Romans 12:1-2

I just received the latest edition of Modern Reformation in the mail. They have been going through Romans for this year. By the way, every one who calls themselves Reformed ought to subscribe to this magazine. This issue deals with Romans 12-16. I was reminded of a terrific sermon I heard on Romans 12:1-2 by Eric Alexander. It was during the Philadelphia Conference on Reformation Theology. I am going to summarize what he said there.

First the text: Παρακαλῶ οὖν ὑμᾶς, ἀδελφοί, διὰ τῶν οἰκτιρμῶν τοῦ θεοῦ, παραστῆσαι τὰ σώματα ὑμῶν θυσίαν ζῶσαν ἁγίαν εὐάρεστον τῷ θεῷ, τὴν λογικὴν λατρείαν ὑμῶν: καὶ μὴ συσχηματίζεσθε τῷ αἰῶνι τούτῳ, ἀλλὰ μεταμορφοῦσθε τῇ ἀνακαινώσει τοῦ νοός, εἰς τὸ δοκιμάζειν ὑμᾶς τί τὸ θέλημα τοῦ θεοῦ, τὸ ἀγαθὸν καὶ εὐάρεστον καὶ τέλειον.

And now, the interpretation. The οὖν is quite possible the most important “therefore” in all of Scripture, since its import encompasses the entirety of Romans 1-11. Paul summarizes the previous chapter with this phrase: “the mercies of God.” That is shorthand for all the spiritual blessings that he has been describing for the previous 11 chapters.

We don’t have to offer our bodies as a dead sacrifice, since Christ has already done that. So we offer ourselves as living sacrifices. This is λογικὴν. To this day, I cannot see why some translations have translated this as “spiritual.” It has much more to do with thoughtfulness (BDAG), or logicality. It is only logical, Paul says, to offer our bodies as living sacrifices, given what Jesus has done for us.

Then follows a couple of Greek verbs that are important to parse correctly. First off is συσχηματίζεσθε. This is a present middle/passive imperative, 2 person plural. I think the force is passive. It is well translated in the Phillips translation: “Don’t let the world around you squeeze you into its own mold.” He uses 6 words to translate one Greek word, but that is fairly common. And it is a splendid rendition. The only thing I would change is that I think τῷ αἰῶνι τούτῳ means “this present age” rather than “this world.” It is a designation of time, not space. Paul is always contrasting the old age and the new age. This is especially evident in Romans 7:14ff, where the old “I” and the new “I” are duking it out. The next verb is μεταμορφοῦσθε, from which we get our word “metamorphosis.” This is a present passive imperative, 2 person plural. Note especially the force of the passive imperative. It is a command to us to have God transform us (it is a divine passive: God is doing the metamorphizing). The implications can hardly be over-estimated for our lives. Grammar here is necessary for God’s people to know. To have our minds transformed is the work of God, not of ourselves. This passage also implies that if we think the way this age does, then our minds are blinded. There is either an unrenewed mind or a renewed mind. Nothing in-between. Which are we?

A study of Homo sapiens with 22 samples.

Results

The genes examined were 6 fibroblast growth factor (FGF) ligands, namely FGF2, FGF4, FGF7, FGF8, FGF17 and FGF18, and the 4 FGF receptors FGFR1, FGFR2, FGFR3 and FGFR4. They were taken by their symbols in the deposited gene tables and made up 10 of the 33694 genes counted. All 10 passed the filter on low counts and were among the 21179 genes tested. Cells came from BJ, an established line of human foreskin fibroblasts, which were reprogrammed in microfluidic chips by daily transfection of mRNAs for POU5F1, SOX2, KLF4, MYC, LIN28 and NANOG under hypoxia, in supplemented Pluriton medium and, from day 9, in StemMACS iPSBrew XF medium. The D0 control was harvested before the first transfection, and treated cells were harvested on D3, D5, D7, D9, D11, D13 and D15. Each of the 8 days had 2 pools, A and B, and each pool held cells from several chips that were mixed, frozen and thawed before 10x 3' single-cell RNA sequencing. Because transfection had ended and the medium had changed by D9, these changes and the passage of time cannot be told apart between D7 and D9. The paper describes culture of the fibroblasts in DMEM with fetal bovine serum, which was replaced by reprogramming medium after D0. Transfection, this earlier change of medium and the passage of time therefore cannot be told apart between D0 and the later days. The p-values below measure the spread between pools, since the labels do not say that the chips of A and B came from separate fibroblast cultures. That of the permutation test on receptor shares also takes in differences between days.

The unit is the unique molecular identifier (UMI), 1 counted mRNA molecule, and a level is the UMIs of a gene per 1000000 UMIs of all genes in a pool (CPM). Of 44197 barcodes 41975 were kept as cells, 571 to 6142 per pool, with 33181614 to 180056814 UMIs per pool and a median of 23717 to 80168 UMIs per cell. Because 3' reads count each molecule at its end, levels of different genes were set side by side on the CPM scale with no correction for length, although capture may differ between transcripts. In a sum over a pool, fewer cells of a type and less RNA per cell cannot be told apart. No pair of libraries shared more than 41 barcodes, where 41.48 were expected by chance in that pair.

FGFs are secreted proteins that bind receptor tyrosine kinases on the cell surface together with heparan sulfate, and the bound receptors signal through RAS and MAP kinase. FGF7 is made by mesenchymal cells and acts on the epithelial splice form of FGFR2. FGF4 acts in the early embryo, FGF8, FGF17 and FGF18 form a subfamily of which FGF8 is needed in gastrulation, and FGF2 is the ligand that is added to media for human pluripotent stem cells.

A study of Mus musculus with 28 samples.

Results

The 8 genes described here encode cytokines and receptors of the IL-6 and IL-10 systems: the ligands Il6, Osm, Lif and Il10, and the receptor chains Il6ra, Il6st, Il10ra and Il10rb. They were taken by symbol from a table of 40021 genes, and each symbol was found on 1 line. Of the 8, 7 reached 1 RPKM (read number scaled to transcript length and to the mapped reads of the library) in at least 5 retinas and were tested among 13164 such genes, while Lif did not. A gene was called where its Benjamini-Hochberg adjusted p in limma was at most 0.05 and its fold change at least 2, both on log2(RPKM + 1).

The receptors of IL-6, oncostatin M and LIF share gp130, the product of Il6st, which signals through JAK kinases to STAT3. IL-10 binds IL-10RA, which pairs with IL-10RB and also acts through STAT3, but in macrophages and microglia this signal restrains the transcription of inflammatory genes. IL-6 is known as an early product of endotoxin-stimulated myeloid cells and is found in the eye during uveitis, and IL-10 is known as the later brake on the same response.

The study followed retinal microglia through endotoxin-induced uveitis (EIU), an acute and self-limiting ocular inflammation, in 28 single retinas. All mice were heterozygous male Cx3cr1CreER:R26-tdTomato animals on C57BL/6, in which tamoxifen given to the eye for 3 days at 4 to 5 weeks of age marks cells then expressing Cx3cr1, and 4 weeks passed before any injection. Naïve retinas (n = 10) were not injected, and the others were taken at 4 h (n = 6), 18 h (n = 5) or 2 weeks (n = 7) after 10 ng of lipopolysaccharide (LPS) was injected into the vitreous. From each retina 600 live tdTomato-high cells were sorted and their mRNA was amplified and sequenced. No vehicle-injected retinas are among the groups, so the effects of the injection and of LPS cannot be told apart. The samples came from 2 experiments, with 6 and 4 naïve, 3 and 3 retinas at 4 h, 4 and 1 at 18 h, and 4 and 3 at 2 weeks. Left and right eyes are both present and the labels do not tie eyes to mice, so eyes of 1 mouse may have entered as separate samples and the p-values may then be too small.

John 1:1

John 1:1 is a passage completely misinterpreted by the New World Translation (the Jehovah’s Witnesses’ translation), and by many other translations mentioned by Steve, which are not mainline translations, but are the work of individual anti-church Arians. Here is the Greek: Ἐν ἀρχῇ ἦν λόγος, καὶ λόγος ἦν πρὸς τὸν θεόν, καὶ θεὸς ἦν λόγος. The New World translation says this: “In [the] beginning the Word was, and the Word was with God, and the Word was a god.” Plainly, the New World translation says something quite different from most translations with which we are familiar. This translations seems to suggest that the Word (which we learn later is Jesus) is less than God. He is merely one of a pantheon of gods. This raises its own problems. But to kabosh this rendering, it is necessary to go into some Greek grammar. The phrase in question occurs after the second comma in the above Greek. Notice that “theos” (second word of the phrase) comes before ἦν, which is the verb meaning “was.” “Theos” (“God) is functioning as a predicate nominative. Stretch back to your grammar days and remember that a predicate nominative is the last word in the sentence “I am a pastor.” The subject is “I,” and the predicate nominative is “pastor.” In Greek, the predicate nominative can sometimes come before the verb, as it does here. When that happens, the word “the” does not occur with the predicate nominative. However, the noun should still be read as having the word “the” with it. This is the difference between “the God” (or just simply “God”) and “a god.” The New World Translation has twisted Greek grammar in order fit their preconceived notions about the non-deity of Christ. When you have two nouns connected by any form of the word “to be,” the definite article (“the”) tells you which noun is the subject, since word order doesn’t count in Greek. In other words, just because a noun doesn’t have “the” with it doesn’t mean that it should be interpreted as not having “the” with it, if that is clear. Clear as mud?